A small grocery store anchors one end of Main Street in the rural Nebraska town I now call home. If you live in a rural community, you understand that our grocery store is arguably the most important business in town.
The ability to buy healthy, affordable food in your community has gained attention lately with the term “food desert,” (a more culturally friendly expression might be “food vacuum”). Rural grocery stores are more than places to buy food, however — they are often the focal point of a town or neighborhood. They are places where people see friends, swap recipes, and catch up on local gossip.
As small businesses, grocery stores provide jobs and generate tax revenue that support the community. Everyone eats, and without a grocery store these food dollars will go to other towns, often into corporate coffers. Similar to a school, post office, restaurant and church or temple, a place to buy healthy food makes a community a more attractive place to live.
The lack of a grocery store means residents have less access to fresh fruits and vegetables; elderly residents and folks without reliable transportation will tend to buy their food at convenience stores with more limited selections or to go for longer periods of time between visits to the store. The proof is in the proverbial (or literal) pudding – statistics about obesity and diet-related disease in rural America show we’re not a healthy bunch.
Not all small town citizens are as lucky as we are in Lyons, Nebraska. Not only do we have a place to buy food, it’s an independent store, owned by someone in our county.
Local ownership of a grocery is critical from several perspectives. Economically, food dollars spent at any locally-owned business continue to circulate within the community as the grocer spends money at the hardware store or with the barber, further strengthening other businesses. Likewise, a locally-owned grocery store is more likely to purchase from a local farmer than would a store owned by a multi-national corporation.
From a community-building perspective, loyalty to a store would likely be stronger when you coach baseball with the grocer or sit next to her family at church than if you had never met the owner of the store. Local business owners are more likely to sponsor a soccer team or participate in the Memorial Day parade, all part of what makes a small town feel like a tight community.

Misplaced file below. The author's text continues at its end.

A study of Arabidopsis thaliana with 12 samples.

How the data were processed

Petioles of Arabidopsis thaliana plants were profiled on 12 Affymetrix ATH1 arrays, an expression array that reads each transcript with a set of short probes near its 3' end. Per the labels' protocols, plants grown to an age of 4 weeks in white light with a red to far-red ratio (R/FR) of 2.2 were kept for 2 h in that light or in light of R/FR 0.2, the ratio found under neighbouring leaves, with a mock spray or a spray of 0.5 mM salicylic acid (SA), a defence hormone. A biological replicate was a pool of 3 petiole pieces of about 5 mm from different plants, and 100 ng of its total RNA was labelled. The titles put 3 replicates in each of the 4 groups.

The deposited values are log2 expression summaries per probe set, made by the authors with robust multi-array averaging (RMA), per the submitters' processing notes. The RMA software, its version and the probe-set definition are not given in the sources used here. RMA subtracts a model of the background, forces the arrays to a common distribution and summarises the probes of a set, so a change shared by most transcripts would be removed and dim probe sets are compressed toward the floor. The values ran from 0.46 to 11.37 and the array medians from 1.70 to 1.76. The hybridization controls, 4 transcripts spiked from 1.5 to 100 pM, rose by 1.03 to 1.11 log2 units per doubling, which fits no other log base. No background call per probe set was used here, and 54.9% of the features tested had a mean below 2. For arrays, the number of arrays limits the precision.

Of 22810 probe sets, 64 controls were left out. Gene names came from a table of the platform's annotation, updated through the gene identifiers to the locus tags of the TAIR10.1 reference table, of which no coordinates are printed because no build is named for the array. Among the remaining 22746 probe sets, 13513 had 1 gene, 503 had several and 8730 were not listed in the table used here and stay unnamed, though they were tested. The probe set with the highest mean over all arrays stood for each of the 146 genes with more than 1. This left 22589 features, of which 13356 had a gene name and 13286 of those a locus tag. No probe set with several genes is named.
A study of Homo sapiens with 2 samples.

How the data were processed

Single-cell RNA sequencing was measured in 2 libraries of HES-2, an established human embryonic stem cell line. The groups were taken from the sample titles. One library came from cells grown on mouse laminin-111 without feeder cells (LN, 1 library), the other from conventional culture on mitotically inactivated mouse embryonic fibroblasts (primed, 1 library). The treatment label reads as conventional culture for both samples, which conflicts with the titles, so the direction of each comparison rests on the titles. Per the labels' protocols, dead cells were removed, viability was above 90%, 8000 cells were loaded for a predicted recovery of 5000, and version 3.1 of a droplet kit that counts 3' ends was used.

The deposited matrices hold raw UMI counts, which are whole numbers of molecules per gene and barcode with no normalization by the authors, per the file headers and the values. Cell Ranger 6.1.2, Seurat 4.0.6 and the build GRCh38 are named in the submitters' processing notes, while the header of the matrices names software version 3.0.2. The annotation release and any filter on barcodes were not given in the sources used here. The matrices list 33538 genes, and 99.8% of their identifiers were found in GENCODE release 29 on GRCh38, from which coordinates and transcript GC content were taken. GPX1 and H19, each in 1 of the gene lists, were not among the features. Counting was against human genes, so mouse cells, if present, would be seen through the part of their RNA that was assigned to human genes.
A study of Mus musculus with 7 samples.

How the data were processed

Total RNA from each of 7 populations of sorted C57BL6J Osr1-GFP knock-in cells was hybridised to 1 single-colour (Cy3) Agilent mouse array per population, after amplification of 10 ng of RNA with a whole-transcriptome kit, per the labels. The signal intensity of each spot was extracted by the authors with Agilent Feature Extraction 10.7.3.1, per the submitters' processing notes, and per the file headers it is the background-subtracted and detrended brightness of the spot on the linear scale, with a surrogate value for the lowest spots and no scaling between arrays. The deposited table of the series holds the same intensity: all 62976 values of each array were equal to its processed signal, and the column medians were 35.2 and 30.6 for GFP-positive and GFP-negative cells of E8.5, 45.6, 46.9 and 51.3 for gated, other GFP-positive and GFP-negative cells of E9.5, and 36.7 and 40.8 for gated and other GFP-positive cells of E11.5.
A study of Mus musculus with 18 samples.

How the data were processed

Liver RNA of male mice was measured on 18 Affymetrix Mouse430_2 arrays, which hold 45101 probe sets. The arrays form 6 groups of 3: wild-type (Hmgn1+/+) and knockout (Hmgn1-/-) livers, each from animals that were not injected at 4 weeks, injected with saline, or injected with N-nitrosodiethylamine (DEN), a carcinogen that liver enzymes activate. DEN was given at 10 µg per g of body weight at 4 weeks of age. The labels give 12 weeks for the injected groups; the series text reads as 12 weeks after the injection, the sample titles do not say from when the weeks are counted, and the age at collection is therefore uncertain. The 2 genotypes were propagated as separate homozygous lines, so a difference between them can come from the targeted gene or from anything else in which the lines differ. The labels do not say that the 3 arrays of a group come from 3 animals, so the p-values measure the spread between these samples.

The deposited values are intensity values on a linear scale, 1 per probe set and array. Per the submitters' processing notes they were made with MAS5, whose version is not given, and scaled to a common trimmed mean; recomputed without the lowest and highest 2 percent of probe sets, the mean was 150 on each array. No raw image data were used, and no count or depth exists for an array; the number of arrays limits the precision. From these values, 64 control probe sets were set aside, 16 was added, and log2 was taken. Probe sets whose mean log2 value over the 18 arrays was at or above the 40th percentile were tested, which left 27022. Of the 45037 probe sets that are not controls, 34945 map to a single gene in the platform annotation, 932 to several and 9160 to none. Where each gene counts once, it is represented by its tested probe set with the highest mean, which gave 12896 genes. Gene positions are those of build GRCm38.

In order to have more local grocers, we need to teach young people entrepreneurship as well as community pride and loyalty. I can think of no better example of a small town investing in its young residents in this way than Cody, Nebraska, population 149.
In the town dubbed “Too Tough to Die,” Cody students are building a student-run, straw-bale construction grocery store with the help of some federal grants and the support of their community. The students are learning marketing and writing a business plan; when they ran into some opposition within the community, they put together a convincing presentation that set their project back on course.
Even federal policy is beginning to see the connections between rural food access and rural health. President Obama announced plans in February of 2010 for a Healthy Food Financing Initiative to help communities who struggle with food access.
Two members of Congress — Sen. Kirsten Gillibrand from New York and Rep. Allyson Schwartz from Pennsylvania — have introduced bills along the same lines. Existing loan and grant programs are available to help grocery stores save money on energy, start or expand cooperatives or receive loan guarantees to begin or expand rural businesses. Even First Lady Michelle Obama is in on the action with her Let’s Move! campaign.
Of course, no food retailer is successful without customers who care. For a small town grocery to endure there must be an involved community, people who know the importance and convenience of a healthy food outlet and shop accordingly.
Steph Larsen is the Assistant Director of Organizing for the Center for Rural Affairs in Lyons, Nebraska.